London (CNSNews.com) - President Bush has joined the leaders of Britain and Ireland in an appeal to Northern Ireland political leaders to come back to the negotiating table and finalize a peace settlement in the divided province.
Northern Ireland's local political institutions have been frozen since October of last year, when pro-British unionists walked out of the power-sharing legislature over suspected Irish Republican Army spying on lawmakers.
In a joint statement released Tuesday, the three leaders reaffirmed their support for the Good Friday Agreement that set the stage for the provincial legislature and IRA disarmament.
In the statement, the British and Irish governments promised to publish a new plan to restart negotiations. The new plan will include proposals on justice and policing, political institutions and human rights.
"We call upon Northern Ireland's political representatives, community and business leaders, and citizens from all walks of life to respond positively to the forthcoming statements," the statement said.
"In seizing this opportunity, Northern Ireland will serve as a model to the world for dialogue and negotiation."
The three leaders said that both Protestant unionists and Catholic republicans must make a "complete and irrevocable" break from paramilitary activity.
British Prime Minister Tony Blair and Irish leader Bertie Ahern plan to publish their plan on Thursday, the fifth anniversary of the Good Friday Agreement. An IRA response is expected soon after.
Political parties backing the peace plan welcomed the joint statement.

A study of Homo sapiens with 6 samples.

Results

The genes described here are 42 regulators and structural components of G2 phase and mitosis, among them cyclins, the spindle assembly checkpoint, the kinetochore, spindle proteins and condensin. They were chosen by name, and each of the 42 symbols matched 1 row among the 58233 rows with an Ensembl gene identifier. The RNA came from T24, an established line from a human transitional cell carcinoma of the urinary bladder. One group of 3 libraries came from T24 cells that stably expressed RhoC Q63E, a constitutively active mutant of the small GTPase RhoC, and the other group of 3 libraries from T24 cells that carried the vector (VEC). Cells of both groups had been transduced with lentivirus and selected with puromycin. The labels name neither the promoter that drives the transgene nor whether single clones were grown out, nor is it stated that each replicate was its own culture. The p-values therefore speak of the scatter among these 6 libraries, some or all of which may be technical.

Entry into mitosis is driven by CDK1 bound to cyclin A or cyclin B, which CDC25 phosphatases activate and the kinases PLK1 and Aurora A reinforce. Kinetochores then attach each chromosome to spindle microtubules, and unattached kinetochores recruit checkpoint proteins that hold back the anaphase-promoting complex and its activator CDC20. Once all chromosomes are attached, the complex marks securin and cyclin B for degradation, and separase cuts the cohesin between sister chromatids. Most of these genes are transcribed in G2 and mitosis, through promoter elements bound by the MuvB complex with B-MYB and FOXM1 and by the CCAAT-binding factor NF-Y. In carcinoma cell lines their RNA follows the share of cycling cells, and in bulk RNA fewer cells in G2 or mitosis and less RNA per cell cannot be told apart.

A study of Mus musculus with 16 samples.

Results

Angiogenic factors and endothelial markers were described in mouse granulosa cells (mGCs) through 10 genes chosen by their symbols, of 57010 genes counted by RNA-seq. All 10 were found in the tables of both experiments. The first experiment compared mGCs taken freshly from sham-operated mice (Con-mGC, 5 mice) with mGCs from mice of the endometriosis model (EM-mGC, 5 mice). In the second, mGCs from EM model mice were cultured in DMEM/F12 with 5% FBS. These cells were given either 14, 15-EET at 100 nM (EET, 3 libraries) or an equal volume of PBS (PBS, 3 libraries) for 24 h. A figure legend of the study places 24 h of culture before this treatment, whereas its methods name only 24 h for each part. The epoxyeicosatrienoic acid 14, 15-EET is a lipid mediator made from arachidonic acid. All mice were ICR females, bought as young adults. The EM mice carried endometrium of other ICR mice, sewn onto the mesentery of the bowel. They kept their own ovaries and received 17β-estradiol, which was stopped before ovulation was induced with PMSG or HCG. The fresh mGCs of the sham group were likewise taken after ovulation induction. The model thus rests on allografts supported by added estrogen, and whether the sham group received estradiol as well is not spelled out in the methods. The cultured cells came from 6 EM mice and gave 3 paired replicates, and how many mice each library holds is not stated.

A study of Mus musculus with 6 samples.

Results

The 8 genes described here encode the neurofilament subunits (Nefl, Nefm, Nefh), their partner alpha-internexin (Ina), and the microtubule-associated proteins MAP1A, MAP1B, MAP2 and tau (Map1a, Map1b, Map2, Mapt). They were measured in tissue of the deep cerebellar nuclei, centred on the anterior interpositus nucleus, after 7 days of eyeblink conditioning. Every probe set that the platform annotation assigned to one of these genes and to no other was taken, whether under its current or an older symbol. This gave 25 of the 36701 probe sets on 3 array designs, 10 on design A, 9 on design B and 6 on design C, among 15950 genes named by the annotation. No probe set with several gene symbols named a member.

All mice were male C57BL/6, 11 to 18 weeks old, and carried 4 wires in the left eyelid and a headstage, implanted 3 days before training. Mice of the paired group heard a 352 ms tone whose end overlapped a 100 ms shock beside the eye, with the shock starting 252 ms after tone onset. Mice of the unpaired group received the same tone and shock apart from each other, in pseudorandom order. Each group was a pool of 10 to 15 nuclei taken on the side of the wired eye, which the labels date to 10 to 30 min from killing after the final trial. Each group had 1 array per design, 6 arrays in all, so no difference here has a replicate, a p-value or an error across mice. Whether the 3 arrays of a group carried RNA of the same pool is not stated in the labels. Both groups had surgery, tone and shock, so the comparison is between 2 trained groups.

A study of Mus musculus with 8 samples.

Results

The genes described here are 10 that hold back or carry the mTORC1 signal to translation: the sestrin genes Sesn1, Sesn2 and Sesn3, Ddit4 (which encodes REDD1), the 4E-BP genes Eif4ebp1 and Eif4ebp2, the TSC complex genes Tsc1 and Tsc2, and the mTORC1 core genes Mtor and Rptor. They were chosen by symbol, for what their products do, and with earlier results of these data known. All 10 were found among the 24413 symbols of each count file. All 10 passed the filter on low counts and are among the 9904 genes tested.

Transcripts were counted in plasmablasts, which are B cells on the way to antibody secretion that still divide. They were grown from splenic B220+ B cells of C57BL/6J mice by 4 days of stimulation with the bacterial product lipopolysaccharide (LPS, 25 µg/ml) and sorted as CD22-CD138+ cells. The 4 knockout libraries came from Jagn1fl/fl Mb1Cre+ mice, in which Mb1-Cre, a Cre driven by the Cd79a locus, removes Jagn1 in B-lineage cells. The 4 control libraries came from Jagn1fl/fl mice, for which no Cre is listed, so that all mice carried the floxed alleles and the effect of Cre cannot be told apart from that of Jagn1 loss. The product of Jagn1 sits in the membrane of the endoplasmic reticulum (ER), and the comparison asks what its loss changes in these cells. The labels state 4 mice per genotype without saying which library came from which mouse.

"We would be delighted to see the problem of continuing paramilitary activity -- and indeed the continuing existence of paramilitary organizations -- to be successfully resolved," said Ulster Unionist leader David Trimble
Mark Durkan, leader of the moderate republican Social Democratic and Labor Party, called for an immediate recommitment to the Good Friday Agreement.
"There can be no ambivalence about what a commitment to exclusively peaceful and democratic means entails," he said.
Although the threat of terrorism has largely subsided on the British mainland, police say there is still concern about republican splinter groups opposed to the peace settlement.
On Wednesday, five men were each sentenced to between 16 and 22 years in prison for plotting and executing bomb attacks against entertainment districts and BBC offices on the mainland.
Several people were injured by the blasts in London and Birmingham last year and at trial, prosecutors said it was "nothing short of a miracle" that no one died.
The men belong to the dissident "Real IRA", the group responsible for the worst act of terrorism in Northern Ireland, the 1998 Omagh bombing.